Summer sports really dominated our top stories from July. From baseball surprises to making surfing a reality for kids to a 10-year-old skateboarding prodigy who has her sights set on the Olympics, the month was filled with narratives to make you smile.
Purpose2Play’s top five:
Chicago Cubs outfielder Kyle Schwarber put on an absolute show at the 2018 Home Run Derby by blasting 55 home runs to take second-place in the annual contest. But, even bigger than that was the “home run” he hit by surprising fans at the Adult Down Syndrome Center in Park Ridge, Ill. on Tuesday.
Schwarber dished high-fives, posed for pictures and signed autographs for many of the teens and adults that the center serves.
Phil Jackson is a big believer that a little salt in the air and sand in the hair can do a body good.
That’s why in 2014, the 38-year-old from Garden City, South Carolina founded the Surf Dreams Foundation, an organization that “provides children with the proper knowledge, lessons, equipment and ocean safety to enjoy surfing.”
Yes, long before Jackson was at the helm, he was a big-time surfer himself. But, he was diverted from the sport when a drug addiction took over his life. His mission now? To impact kids in the local surf community well before drugs have the chance to.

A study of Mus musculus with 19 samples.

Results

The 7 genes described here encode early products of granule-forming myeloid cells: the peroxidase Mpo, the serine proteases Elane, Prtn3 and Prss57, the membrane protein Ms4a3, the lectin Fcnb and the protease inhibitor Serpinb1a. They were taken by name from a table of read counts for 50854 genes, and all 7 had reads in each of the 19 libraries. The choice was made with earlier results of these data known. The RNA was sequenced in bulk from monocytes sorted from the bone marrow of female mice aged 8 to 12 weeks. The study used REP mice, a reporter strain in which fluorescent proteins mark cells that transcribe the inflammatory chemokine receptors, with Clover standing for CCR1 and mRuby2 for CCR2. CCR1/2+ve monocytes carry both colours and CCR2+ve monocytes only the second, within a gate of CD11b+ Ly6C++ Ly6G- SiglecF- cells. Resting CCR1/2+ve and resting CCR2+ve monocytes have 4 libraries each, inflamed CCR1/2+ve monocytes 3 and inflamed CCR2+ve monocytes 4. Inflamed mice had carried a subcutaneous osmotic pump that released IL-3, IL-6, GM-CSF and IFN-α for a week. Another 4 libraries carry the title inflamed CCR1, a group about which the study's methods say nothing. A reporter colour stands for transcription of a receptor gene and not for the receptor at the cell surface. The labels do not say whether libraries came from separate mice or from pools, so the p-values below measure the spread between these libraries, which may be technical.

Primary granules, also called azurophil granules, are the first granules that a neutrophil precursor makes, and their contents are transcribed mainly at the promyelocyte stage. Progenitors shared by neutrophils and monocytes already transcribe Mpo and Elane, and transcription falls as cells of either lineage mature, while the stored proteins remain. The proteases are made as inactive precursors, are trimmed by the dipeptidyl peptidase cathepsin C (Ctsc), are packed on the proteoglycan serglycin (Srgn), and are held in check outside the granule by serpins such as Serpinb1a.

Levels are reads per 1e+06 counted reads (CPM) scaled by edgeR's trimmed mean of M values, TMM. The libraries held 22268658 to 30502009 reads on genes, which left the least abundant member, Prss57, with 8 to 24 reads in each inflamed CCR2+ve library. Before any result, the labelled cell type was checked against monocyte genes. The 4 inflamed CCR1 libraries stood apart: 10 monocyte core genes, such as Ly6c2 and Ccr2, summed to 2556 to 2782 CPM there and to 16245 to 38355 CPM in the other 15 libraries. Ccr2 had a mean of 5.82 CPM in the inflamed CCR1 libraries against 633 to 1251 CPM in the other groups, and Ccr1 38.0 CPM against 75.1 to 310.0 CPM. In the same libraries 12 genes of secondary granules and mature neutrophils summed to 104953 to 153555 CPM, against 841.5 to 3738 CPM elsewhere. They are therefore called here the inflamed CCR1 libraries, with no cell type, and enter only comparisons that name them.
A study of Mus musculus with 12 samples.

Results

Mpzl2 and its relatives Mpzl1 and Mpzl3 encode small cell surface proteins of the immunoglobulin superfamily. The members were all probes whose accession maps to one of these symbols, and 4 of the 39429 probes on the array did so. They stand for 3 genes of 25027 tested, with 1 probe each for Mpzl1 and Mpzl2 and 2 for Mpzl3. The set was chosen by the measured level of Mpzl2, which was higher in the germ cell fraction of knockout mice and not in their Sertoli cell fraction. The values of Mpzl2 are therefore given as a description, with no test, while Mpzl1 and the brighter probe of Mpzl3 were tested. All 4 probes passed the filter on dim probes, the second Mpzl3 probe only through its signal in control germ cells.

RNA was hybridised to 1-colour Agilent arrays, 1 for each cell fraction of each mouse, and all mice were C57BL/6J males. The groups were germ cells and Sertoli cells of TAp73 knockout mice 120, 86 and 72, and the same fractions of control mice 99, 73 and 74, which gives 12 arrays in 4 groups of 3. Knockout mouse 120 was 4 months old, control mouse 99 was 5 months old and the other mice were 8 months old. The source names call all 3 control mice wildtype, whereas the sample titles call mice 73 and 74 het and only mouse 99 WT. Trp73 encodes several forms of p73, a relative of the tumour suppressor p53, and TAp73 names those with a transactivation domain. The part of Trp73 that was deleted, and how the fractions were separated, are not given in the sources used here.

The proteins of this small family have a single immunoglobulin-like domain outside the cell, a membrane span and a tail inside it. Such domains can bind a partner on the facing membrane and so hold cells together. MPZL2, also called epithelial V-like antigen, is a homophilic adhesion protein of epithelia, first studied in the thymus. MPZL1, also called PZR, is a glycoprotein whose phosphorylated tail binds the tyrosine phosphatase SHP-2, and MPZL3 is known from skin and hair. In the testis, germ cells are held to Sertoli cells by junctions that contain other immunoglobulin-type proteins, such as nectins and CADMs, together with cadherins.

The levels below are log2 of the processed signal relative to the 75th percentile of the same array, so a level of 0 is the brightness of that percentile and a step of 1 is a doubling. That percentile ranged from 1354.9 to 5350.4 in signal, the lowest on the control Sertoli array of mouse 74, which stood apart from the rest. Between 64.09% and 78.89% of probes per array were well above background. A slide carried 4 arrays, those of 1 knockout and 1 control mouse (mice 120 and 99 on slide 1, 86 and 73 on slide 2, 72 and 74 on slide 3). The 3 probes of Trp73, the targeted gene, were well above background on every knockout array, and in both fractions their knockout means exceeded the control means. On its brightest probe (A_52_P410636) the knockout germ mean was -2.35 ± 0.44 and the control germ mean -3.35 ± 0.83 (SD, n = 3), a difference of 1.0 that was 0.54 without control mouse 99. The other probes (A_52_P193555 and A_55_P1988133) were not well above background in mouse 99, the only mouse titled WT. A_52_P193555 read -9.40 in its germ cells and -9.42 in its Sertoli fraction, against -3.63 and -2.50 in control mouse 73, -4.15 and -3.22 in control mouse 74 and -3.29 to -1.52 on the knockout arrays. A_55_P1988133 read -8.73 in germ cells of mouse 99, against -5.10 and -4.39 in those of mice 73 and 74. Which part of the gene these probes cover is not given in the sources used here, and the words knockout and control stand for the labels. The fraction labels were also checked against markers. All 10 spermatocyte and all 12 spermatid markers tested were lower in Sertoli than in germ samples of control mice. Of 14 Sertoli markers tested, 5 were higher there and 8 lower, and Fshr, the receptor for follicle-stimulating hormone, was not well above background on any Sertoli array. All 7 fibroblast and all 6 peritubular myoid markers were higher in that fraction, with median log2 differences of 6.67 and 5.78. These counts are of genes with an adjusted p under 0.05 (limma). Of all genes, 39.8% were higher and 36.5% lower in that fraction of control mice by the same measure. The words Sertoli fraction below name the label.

When the Twin Towers fell on September 11, 2001, Jake Wood traded in his football pads for combat gear.
He was a freshman offensive lineman at the University of Wisconsin, but when tragedy shook the nation, he joined the U.S. Marine Corps., dove head-first into a life of service and never looked back.
That’s part of the reason why Wood will receive the Pat Tillman Award for Service at the 2018 ESPY Awards.
There aren’t many 10-year-olds who can quickly garner international attention. Then again, there aren’t many kids who are skateboarding like Sky Brown, a girl who is already beating grown men in competitions.
Sky, who’s from Miyazaki, Japan, started skateboarding (much to her parents’ dismay) at two years old.
Jim Walmsley may have had a mountain lion atop his first-place trophy following Saturday’s Western States 100, but it was a different type of animal that nearly thwarted his record-breaking performance.
Just before setting a new course record by running 100 miles through the mountains of Squaw Valley to Auburn, Calif. in 14 hours, 30 minutes, 4 seconds, he encountered two cubs and a mama bear on the trail.